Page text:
University of Cincinatti

Principal Investigator:


Katherine A. Burns, Ph.D. Assistant Professor Department of Environmental Health University of Cincinnati College of Medicine


Kettering Lab Complex


Key Personnel

Rebecca Jones


What is DEHP? DEHP is a type of chemical called a phthalate that is found throughout our environment and is an endocrine-disrupting chemical. DEHP and its related chemicals are found in common products from medical grade tubing to flooring, to personal care products. Phthalates are used to make plastics more flexible and are used as dissolving agents for other non-soluble materials. Phthalates are listed under “fragrance” in products like lotions, shampoo, hair products, nail polish, perfume, makeup, and the list goes on. Who is the predominant user of these types of products? WOMEN!!
Both our genes and our environment influence our health and disease. Endometriosis is such a complex disease, as you know well. Recently we published that the early initiation of endometriosis is predominated by the immune system. With neutrophils and macrophages being key cell types. DEHP is also known as an immunotoxicant and can affect the regulation of the immune system. Our ongoing studies are exploring the effect of DEHP on endometriosis and the immune system in a mouse model of endometriosis.
We are continuing to validate that DEHP increases the number of endometriosis lesions that are formed in the peritoneal cavity, that DEHP alters inflammatory signaling in the lesions, and that DEHP also alters normal uterine signaling responses. In the new year (April 2018-March 2019), we will be focusing our studies on the early initiation of endometriosis, analysis of the current long-term experiments that are underway, and examining the chemokine/cytokine released into the peritoneal cavity with the initiation of endometriosis in mice. Excitingly, with other projects ongoing in the laboratory, we have been successful in establishing primary cell cultures from lesions removed from mice (picture below). We have multiple cell types, but in culture, these cells from lesions in culture. We are very excited to continue this work and incorporate phthalate exposure for analysis. We anticipate this will give us a clearer picture of how phthalates are contributing to the severity of endometriosis more so than examining a single monoculture of cells.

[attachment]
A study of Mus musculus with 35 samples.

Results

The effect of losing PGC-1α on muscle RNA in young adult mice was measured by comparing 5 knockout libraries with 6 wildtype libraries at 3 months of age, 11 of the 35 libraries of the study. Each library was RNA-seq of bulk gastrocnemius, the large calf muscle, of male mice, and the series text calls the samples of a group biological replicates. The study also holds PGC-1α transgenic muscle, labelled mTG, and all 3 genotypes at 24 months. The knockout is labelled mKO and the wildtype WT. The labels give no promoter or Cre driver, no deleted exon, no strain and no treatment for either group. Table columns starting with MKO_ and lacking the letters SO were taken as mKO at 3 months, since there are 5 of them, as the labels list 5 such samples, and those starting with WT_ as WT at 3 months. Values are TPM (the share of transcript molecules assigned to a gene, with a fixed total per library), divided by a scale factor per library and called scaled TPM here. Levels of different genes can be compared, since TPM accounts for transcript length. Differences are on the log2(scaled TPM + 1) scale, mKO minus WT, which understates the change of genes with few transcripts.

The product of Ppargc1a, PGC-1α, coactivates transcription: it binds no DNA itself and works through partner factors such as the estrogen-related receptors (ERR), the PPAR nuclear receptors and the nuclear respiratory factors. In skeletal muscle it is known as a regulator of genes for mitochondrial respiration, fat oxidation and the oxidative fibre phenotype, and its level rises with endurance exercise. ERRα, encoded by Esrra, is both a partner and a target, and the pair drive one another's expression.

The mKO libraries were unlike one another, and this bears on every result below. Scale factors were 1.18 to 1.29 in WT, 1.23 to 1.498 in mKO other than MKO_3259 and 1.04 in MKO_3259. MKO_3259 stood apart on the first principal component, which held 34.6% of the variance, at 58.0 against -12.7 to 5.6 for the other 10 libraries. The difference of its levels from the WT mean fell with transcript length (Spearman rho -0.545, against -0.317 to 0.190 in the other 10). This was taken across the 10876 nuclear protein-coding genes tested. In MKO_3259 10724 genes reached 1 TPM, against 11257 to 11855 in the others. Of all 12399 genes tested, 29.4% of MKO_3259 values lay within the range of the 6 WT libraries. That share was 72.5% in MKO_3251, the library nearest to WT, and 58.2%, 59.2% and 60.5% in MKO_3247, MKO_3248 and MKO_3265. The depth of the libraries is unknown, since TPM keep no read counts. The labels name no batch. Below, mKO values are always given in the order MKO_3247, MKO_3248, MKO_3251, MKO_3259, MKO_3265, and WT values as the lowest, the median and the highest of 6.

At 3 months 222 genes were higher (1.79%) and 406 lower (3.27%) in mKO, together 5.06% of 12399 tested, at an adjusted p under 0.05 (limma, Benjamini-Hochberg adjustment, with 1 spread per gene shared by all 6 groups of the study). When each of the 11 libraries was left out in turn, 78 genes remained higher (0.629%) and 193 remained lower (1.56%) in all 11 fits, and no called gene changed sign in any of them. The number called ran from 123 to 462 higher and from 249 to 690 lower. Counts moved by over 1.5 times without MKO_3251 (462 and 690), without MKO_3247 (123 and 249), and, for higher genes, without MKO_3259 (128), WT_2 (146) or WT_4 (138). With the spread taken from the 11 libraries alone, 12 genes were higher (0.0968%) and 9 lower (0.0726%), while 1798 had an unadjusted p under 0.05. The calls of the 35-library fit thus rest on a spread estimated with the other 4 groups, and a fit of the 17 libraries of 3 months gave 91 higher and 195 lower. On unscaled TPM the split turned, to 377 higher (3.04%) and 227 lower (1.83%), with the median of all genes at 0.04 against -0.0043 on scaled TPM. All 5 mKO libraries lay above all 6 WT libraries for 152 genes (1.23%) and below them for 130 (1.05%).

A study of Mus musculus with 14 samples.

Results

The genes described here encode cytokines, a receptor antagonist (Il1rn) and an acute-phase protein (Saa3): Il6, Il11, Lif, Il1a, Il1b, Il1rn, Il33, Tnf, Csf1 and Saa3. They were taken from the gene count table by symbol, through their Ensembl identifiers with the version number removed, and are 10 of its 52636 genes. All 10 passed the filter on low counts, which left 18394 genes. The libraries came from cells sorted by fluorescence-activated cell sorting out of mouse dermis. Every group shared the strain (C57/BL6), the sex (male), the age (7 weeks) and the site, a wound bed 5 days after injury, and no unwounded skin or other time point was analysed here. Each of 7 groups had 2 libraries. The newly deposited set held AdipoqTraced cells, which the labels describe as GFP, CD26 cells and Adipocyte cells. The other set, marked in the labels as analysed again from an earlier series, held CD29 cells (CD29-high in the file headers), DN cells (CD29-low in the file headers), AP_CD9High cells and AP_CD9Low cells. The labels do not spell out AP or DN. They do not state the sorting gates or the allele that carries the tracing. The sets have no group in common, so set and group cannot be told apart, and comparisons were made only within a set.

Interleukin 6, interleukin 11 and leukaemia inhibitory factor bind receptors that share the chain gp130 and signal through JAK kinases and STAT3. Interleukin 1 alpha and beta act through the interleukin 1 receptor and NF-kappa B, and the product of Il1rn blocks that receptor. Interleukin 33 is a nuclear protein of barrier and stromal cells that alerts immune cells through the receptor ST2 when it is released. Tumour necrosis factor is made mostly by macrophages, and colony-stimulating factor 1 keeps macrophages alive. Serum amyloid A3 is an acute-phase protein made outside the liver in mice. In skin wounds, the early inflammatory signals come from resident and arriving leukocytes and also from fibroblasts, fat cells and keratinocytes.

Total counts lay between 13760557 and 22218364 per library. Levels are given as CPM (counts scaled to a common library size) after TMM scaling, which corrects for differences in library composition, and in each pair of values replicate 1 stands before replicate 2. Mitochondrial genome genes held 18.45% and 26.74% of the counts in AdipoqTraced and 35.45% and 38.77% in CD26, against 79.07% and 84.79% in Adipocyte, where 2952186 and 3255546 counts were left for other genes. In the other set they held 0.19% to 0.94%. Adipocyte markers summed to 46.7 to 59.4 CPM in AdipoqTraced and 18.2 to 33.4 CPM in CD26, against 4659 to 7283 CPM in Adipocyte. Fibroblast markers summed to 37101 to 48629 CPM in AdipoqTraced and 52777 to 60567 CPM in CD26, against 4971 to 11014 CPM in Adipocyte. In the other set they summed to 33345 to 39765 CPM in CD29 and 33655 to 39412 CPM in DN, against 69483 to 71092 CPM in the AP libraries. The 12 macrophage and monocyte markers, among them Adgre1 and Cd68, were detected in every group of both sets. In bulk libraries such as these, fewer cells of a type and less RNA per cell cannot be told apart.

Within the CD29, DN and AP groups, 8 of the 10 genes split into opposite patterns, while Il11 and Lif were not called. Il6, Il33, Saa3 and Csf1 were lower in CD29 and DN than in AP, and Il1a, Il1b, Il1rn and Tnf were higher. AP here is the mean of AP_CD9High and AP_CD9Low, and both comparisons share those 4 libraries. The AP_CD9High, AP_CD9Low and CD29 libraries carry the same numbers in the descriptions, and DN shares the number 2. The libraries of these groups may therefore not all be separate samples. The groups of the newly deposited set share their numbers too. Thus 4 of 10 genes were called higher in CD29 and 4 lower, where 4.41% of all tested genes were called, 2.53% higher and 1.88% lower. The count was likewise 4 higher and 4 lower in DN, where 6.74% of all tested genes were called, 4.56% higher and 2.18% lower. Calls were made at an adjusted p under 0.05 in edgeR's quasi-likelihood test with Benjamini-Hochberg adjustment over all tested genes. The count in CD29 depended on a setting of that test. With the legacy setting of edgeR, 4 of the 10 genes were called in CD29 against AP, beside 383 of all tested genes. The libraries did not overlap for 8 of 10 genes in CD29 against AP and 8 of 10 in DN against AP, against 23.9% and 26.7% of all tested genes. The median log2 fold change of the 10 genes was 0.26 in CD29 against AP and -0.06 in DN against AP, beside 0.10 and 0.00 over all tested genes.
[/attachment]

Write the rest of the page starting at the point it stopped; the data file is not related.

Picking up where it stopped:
Dr. Katherine (Katie) Burns is an Assistant Professor at the University of Cincinnati College of MedicineDr. Katherine (Katie) Burns is an Assistant Professor at the University of Cincinnati College of Medicine in the Department of Environmental Health. She earned her PhD from the Pennsylvania State University in Pathobiology with a concentration in Toxicology. Dr. Burns did her postdoctoral research at the National Institute for Environmental Health Sciences where she used a mouse model of endometriosis that recapitulates retrograde menstruation to study the roles of estrogen receptors in endometriosis. The Burns Laboratory studies how the immune system and interaction with endocrine disrupting chemicals contribute to or exacerbate endometriosis. Dr. Burns is also an endometriosis patient. During her 5th surgery, she was a subject in a clinical trial. At that point, as a PhD student, she saw the clinical and translational aspect of endometriosis and knew her future career direction. Her goal is to contribute to endometriosis research with the hope that girls become healthy reproductively competent women.